Visualizing. We all know it’s an important reading strategy and we all teach it, but it can be difficult to explain and measure. That is because it all happens inside the brain. Often, we try to get these thoughts on paper by having students draw what they “see” while reading, but visualizing is much more than that. It is a form of inferring. Readers must identify and use the sensory language provided by the author to infer and imagine the experiences of the characters. This means we need to be digging deeper. We need to teach our students to analyze how and why authors are using imagery in their writing. Below are some ideas to help you take your visualizing and sensory language lessons deeper.
As with any reading strategy, I like to introduce the skill with an anchor chart. Anchor charts are essential because they make thinking visible and provide a visual reference to the most important ideas of each concept. I like to engage students in creating mini anchor charts for their interactive notebooks as well. I find that they remember the key ideas better when they create their own references.
When making an anchor chart for visualizing, include that it involves creating mental images with all five senses. Help them understand that we use a mixture of our senses to create a 4-D movie in our heads based on what we read. This helps us imagine what the character is experiencing, the setting, and better understand the story. Click here or on the image to get your copy of this interactive mini anchor chart for your students’ reading notebooks.
Having students draw what they visualize while reading is a common practice. Take it further by having the students also record the author’s language that helped them visualize. This is an important step in helping them understand how to identify sensory language. Click here or on the photo to grab a copy for your students’ reading notebooks.
Brainstorming descriptive words and phrases mentally prepares them for finding and identifying sensory language in the text. Plus, this helps them include more sensory language in their own writing!
Practice identifying sensory language and the senses that it appeals to through shared reading, read alouds, and independent reading. Charting the sensory language that you find while reading helps the students understand how sensory language appeals to the senses. This leads to valuable author’s craft discussions of how and why authors use sensory language in their writing.
Give your students a collective space to list and share the sensory language that they find while reading independently. This extends their practice far beyond your workshop lessons and promotes thoughtful book talks between peers.
Creating an interactive chart, or “parking lot”, is an easy way to help students share the sensory language they find. Simply have the students write the title, author, and sensory language found in the text on a Post-It Note and match it to the corresponding sense. This can be differentiated for more advanced learners (or upper grades) by requiring the students to include a short analysis of the author’s use of the sensory language. These can be shared orally at the end of reading workshop or the end of the week to clear space for others.
Use Kahoot as a formative assessment to see where your students are with their understanding of visualizing and sensory language. This can be a great way to review as well! Here is a link to a game I created. It’s completely free to join and play!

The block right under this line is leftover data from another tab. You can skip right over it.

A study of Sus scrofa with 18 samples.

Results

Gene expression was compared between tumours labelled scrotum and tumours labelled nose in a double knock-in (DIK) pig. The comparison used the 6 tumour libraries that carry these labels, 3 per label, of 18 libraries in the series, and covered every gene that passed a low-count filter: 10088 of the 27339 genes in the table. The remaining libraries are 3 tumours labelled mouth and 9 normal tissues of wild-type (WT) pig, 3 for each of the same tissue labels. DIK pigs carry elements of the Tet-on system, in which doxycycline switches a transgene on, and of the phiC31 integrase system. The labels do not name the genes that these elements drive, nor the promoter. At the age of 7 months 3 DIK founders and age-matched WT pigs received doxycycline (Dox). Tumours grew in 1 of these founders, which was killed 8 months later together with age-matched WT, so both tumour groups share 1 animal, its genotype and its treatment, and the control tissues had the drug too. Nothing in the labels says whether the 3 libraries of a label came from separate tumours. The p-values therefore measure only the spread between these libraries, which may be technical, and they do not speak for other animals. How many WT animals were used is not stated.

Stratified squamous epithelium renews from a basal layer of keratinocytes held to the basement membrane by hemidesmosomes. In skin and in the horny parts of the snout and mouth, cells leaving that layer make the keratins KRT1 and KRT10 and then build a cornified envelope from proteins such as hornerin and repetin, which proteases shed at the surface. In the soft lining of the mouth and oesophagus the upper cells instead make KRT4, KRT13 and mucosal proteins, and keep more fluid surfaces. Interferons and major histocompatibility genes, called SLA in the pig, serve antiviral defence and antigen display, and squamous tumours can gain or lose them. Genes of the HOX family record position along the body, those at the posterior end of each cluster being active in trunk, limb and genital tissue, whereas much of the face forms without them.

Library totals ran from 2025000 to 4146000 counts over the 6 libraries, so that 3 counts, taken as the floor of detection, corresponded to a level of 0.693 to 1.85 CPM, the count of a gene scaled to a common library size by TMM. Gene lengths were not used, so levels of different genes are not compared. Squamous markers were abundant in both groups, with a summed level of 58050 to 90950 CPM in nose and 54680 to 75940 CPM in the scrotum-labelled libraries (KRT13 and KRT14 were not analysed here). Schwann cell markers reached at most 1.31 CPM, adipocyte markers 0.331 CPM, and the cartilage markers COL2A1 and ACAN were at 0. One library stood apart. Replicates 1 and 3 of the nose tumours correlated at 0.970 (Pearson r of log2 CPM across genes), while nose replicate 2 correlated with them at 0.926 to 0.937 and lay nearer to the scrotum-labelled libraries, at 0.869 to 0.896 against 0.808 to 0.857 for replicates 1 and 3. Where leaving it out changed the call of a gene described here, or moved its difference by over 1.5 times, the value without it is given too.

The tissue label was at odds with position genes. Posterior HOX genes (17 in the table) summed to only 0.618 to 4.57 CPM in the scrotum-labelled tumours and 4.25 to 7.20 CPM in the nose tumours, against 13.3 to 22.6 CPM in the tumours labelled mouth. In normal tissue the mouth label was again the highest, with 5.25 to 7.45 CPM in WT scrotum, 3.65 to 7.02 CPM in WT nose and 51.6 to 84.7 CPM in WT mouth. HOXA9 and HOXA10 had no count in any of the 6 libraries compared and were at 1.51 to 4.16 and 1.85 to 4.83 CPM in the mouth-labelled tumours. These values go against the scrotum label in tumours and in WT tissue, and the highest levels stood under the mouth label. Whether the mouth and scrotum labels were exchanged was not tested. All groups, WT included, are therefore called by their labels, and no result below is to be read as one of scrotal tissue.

Students develop and enhance their understanding of sensory language when they use it in their own writing. Here are some possible ideas:
Have the students write a descriptive paragraph about a place that is familiar to them using sensory language. Create a goal of how many senses they need to appeal to.
Display a picture and have the students use sensory language to write either a descriptive paragraph or short story about the photo.
Have the students write sensory poems. Here is a pack that includes brainstorming, drafting, and publish pages for all occasions! This is great for seasonal and holiday displays as well!
Great mentor texts are key with any teaching reading strategy. For visualizing, it is important to choose texts that are FULL of sensory language. Check out these incredible books!
Nightsong by Ari Berk (DRA 24, Reading Level M)
This book is adorable. Chiro is a young bat just learning to find his way around using his “good sense.” It is full of sensory language that appeals to the sense of sight.
Honey, I Love and Other Love Poems by Eloise Greenfield (DRA 24, Reading Level M)
This is one of my favorite collections of poetry. The poem “Riding on a Train” is great for visualizing. It lends itself to so many other reading strategies and skills as well, so run and get it if you don’t have a copy already!
Hello Ocean by Pam Muñoz Ryan (DRA 30, Reading Level N)
Hello Ocean is the perfect book for introducing sensory language that appeals to ALL FIVE SENSES.
The Seashore Book by Charlotte Zolotow (DRA 34, Reading Level O)
A mother uses sensory language in this book to help her son visualize the sea. Students love to visualize right along with him.
Owl Moon by Jane Yolen (DRA 34, Reading Level O)
Owl Moon is a classic. Sensory language helps readers imagine a boy’s experience as he goes “owling” with his father.
Into the Sea by Brenda Z. Guiberson (DRA 34, Reading Level O)
This book is about the life of a sea turtle as she grows and learns in the sea. It is stunning.
Bed Head by Margie Palatini (DRA 38, Reading Level P)
This over-the-top book is highly engaging. The kids love it.
The Great Frog Race and Other Poems by Kristine O’Connell George (DRA 38, Reading Level P)
This collection of poems contains imagery, sensory language, and a wide variety of poetic forms. It is just perfect.
Silver Seeds by Paul Paolilli and Dan Brewer (Easy text)
This is a beautiful collection of accessible nature poems that are full of sensory language.